Monday, August 30, 2004
  I'm not the only one rushing to defend Wikipedia
See my post below. I am, however, a bit concerned at some of the criticisms of the school library media specialist. J points to a post aggregating other posts on the original Syracuse article. J, SC, and I all went to library school so we know what's taught about evaluating the authority, etc., of resources. It's a big deal in collection development and in user education/information literacy. My point is that the school librarian should 1) not have used Wikipedia as an example of a bad resource and 2) a more nuanced, sophisticated method needs to be taught when dealing with new resources. Evaluating print materials is pretty much under control. How to evaluate wikis, blogs, and new types of electronic resources is not well taught.

I also feel that it's unethical to intentionally sabotage wiki articles for the sake of testing the reviewers. For a university professor to do that is, well, kind of crappy. The mistakes were caught, but how much time was spent fixing them when it could have been spent improving other articles on the site? In your studies, do no harm! It does matter. Plus, I won't trust any changes he makes from now on -- maybe the wikipedia editors should search his name or IP and delete all his changes.
 
Comments:
I'm sorry, but I think you are wrong here. "Do no harm" is *not* a prerequisite of social research. Limiting the amount of harm done is, as is making sure any potential harm is counterbalanced by the value of the research. Using subjects' time, as well as deceiving them, is justified when the impact is small and the potential reward is great. Were social scientists bound to the stricture "do no harm," it would also be very difficult for us to do much good.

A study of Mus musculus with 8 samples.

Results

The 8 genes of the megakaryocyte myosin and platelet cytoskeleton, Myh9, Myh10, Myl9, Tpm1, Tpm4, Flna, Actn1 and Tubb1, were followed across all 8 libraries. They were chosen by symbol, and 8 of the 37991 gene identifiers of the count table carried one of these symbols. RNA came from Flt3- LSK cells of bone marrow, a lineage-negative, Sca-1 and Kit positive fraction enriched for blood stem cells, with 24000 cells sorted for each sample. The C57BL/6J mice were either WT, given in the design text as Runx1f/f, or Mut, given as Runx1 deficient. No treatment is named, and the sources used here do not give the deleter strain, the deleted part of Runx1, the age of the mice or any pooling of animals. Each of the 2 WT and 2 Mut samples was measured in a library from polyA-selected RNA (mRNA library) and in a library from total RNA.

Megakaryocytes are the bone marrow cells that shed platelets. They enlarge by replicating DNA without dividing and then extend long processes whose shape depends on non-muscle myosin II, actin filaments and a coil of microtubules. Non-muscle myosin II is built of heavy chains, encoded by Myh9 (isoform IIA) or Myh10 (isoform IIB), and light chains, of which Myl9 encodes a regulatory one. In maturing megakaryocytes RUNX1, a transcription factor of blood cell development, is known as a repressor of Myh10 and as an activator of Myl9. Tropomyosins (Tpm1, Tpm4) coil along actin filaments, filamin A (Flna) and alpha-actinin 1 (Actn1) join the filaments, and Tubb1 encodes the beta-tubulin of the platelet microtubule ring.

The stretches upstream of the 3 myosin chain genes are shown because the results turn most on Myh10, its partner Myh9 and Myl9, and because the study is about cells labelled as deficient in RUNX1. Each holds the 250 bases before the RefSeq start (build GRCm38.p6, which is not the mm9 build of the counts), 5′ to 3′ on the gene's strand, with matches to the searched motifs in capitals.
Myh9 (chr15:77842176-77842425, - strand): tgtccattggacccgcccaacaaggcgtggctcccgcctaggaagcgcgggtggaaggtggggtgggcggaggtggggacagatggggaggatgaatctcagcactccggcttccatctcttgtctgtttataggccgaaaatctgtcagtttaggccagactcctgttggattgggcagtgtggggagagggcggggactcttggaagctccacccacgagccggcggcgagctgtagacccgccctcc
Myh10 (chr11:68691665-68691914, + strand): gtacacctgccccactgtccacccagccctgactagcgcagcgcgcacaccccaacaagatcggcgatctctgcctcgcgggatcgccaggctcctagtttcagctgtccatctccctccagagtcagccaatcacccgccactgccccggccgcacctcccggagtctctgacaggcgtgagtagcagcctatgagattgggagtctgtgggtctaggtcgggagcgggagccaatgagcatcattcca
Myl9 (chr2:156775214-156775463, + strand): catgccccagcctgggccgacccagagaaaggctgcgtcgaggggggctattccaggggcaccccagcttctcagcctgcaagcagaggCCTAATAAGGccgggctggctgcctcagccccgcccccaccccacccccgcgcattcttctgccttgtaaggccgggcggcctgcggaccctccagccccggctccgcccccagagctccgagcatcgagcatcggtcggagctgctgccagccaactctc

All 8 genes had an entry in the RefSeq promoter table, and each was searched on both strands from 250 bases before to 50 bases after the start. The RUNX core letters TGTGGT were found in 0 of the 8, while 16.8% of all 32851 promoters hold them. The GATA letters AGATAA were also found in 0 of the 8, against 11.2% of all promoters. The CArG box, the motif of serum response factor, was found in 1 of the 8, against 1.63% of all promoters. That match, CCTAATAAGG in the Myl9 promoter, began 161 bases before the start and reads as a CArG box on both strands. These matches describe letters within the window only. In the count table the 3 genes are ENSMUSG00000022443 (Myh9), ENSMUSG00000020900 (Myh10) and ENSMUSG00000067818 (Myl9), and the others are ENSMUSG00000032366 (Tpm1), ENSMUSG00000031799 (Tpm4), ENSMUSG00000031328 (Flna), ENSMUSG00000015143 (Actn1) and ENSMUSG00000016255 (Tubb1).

I don't deny that I added to the workload shared by Wikipedia collaborators on Sunday. However, as I've noted on my blog, I think the value of verifying the strength of Wikipedia was well worth the small amount of potential harm or effort it caused.

I find your suggestion that wikipedia collaborators should decide the validity of the information contained on the site based on authorship (specifically my authoriship) to be a bit odd. I contributed an article just a few days ago. That it remains on the site, while intentional falsehoods do not, is a credit to a system that is capable of fact-checking. One of the advantages of Wikipedia is that it is not (like its sister project, Nupedia) dependent on the qualifications of its authors. That idea may be unusual to librarians, but it is one of the factors that makes Wikipedia work so well.

In the end, the small amount of time needed to correct these errors has provided Wikipedia with a public vindication of its quality. It's too bad that some, you included, fail to see why this might be valuable.

Finally, while I *do* think my actions were ethical, I encourage the debate that it has brought forward. I earlier criticized some amateur research (which is how I would categorize the test this weekend) based on Orkut for being unethical, and it is refreshing, and challenging, to find myself in turn criticized.